Thursday, January 17, 2008

Small Town USA

I live in Pleasant Grove. I love Pleasant Grove. When I started my first business back in 1991, I got a P.O. Box in Pleasant Grove, even though it was two towns away, because I wanted to have Pleasant Grove as a return address. I loved the name. I also loved the small, sleepy community that is was then.

When events aligned and required a move to a new home, our one and only requirement was it had to be in Pleasant Grove. PG was bigger by then, and it's even bigger now, which I don't like at all. But back in 1997, the only thing I didn't like about Pleasant Grove was it's itsy bitsy library. That, unfortunately, hasn't changed.

Today I went to our itsy bitsy library looking for the Whitney Award finalists. I found five. That's it. Five. Some of the titles I wanted were checked out, but more than half of the finalists weren't even listed as possibilities.

Sometimes the romance of the small town fades a bit.

Now playing on my iPod: Small Town by John Cougar Mellencamp

13 comments:

Stephanie Humphreys said...

I live in a small town, too. We have a pretty good library system. I go online and find the books I want and then put them on hold. Our library brings them in from whatever library in the system has them. I managed to find 18 of the Whitney nominees. Hopefully I'll get most of them in before March. As for the ones they don't have, I'll have to buy them if I want to get them read.

Kenna said...

I didn't know that about your first PO box in PG. See, you were using The Secret way back then!

Anna Maria Junus said...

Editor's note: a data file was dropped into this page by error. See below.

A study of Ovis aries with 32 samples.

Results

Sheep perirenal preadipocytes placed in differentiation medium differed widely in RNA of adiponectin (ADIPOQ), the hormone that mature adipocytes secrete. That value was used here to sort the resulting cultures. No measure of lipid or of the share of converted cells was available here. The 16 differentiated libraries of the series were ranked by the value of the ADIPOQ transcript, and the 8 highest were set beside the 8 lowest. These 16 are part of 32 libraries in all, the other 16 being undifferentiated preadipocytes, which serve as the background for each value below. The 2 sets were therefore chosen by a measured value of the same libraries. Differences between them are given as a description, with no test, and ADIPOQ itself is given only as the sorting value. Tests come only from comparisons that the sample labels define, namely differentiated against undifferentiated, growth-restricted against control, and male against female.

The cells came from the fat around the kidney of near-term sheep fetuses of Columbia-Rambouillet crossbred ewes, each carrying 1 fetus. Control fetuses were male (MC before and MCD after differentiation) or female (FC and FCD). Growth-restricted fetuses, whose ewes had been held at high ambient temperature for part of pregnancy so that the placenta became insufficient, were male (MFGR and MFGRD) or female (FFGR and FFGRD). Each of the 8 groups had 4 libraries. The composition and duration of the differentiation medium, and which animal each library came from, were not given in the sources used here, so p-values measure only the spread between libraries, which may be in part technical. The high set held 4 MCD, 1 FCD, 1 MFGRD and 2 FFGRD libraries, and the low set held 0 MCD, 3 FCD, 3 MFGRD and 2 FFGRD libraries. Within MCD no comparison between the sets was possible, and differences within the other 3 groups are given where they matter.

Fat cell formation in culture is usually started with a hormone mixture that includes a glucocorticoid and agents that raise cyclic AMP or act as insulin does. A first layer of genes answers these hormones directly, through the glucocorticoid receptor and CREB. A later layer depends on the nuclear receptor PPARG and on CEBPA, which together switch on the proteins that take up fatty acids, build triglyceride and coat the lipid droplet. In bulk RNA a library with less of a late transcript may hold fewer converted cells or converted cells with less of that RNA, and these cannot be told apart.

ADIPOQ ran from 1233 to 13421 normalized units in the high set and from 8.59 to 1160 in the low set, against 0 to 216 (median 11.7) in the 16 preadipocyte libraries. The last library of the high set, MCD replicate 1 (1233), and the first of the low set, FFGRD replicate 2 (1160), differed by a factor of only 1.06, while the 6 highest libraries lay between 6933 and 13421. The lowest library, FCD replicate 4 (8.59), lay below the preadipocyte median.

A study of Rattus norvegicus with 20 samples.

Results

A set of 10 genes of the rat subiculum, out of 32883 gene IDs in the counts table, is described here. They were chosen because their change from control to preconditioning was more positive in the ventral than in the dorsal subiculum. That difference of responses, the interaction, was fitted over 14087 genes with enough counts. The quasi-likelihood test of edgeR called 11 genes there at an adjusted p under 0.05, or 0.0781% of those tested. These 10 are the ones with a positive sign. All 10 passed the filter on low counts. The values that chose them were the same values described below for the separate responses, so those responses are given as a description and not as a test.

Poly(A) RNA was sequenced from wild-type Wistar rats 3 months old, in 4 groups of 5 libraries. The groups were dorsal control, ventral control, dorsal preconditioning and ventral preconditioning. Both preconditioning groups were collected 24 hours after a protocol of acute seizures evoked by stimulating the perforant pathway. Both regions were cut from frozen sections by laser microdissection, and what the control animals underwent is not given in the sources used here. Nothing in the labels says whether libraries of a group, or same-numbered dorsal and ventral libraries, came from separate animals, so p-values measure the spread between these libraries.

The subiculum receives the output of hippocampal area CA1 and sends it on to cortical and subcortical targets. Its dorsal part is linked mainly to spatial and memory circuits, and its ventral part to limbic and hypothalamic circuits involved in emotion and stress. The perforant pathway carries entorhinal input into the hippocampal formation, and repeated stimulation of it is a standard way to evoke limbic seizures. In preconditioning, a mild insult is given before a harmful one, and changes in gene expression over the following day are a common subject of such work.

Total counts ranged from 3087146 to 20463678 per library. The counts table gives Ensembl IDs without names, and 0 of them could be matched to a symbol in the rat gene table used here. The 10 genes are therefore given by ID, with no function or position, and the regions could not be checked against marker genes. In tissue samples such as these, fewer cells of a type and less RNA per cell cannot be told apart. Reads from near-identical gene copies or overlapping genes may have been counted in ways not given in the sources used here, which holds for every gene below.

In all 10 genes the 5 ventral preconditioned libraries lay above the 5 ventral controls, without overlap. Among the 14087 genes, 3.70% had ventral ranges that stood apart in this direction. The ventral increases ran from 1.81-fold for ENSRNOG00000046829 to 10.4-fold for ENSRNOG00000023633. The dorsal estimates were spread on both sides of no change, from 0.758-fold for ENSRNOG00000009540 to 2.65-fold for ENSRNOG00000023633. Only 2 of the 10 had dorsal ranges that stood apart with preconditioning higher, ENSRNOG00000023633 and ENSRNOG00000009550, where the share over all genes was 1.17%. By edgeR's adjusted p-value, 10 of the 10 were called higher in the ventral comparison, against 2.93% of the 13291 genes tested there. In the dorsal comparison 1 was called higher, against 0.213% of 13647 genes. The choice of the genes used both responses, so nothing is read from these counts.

Be grateful.

The great majority of Mormons do not have libraries that carry LDS books.

Tristi Pinkston said...

That was the downside to the PG library -- but during the eight years I lived there, they did start carrying more and more LDS fiction. I hear Julie Bellon had a lot to do with that, so some kudos go that direction.

I liked living in PG too and miss it sometimes. Especially on errand day -- it takes me a lot longer to run my errands now (traffic and lines)

Sandra said...

So as I head to the library today, I guess I shouldn't even look for them as they will all be at your house?

I am still waiting for the book I asked for on inter-library loan clear back in Nov!

But Anna Marie is right, my parents have to buy all their books and I can get a bunch of them at the library, (or come over to your house and borrow them)

Annette Lyon said...

I don't suppose you could request a few for purchase? I do that at our library in AF when I don't find what I want. Better than inter-library loan, I figure--that way someone else down the road can enjoy the book, too!

Ronda Hinrichsen said...

Always the dilemma: how to find what we want to read. I guess that's one reason we write? So we can create what we want to read? Good luck.

Sandra said...

Annette makes a good point. When I was at the library yesterday and my inter-library loan book still hadn't come in, they just did a request for purchase. Of course, our library needs more room for more books....

Janette Rallison said...

I grew up in a small town too and loved it! I wish I could live in one now but with my husband's job it just isn't possible. (sigh)

If your library doesn't have the books you want, do ask them if they can purchase any of them. Sometimes they will purchase books if a patron asks.

ali said...

You can be a positive force for change Karlene!

Josi said...

I have a list of all the nominations and I took them to my library, explained the award and they said they would look into getting them all ordered. Hopefully that will happen before voting, but I was glad to see they had about half of them already. Good luck!

Larsens said...

Orem is not that far away from PG, and they have a good selection of books...I hear. I personally buy all my books. When I'm done, I send them to sister in Finland. Have her deal with them, so I don't have to. She has a HUGE collection of books now.

Julie Wright said...

my small town has no library. We live off of bookmobile. It's a terrible thing sometimes, but I still love living here. I feel yhour pain.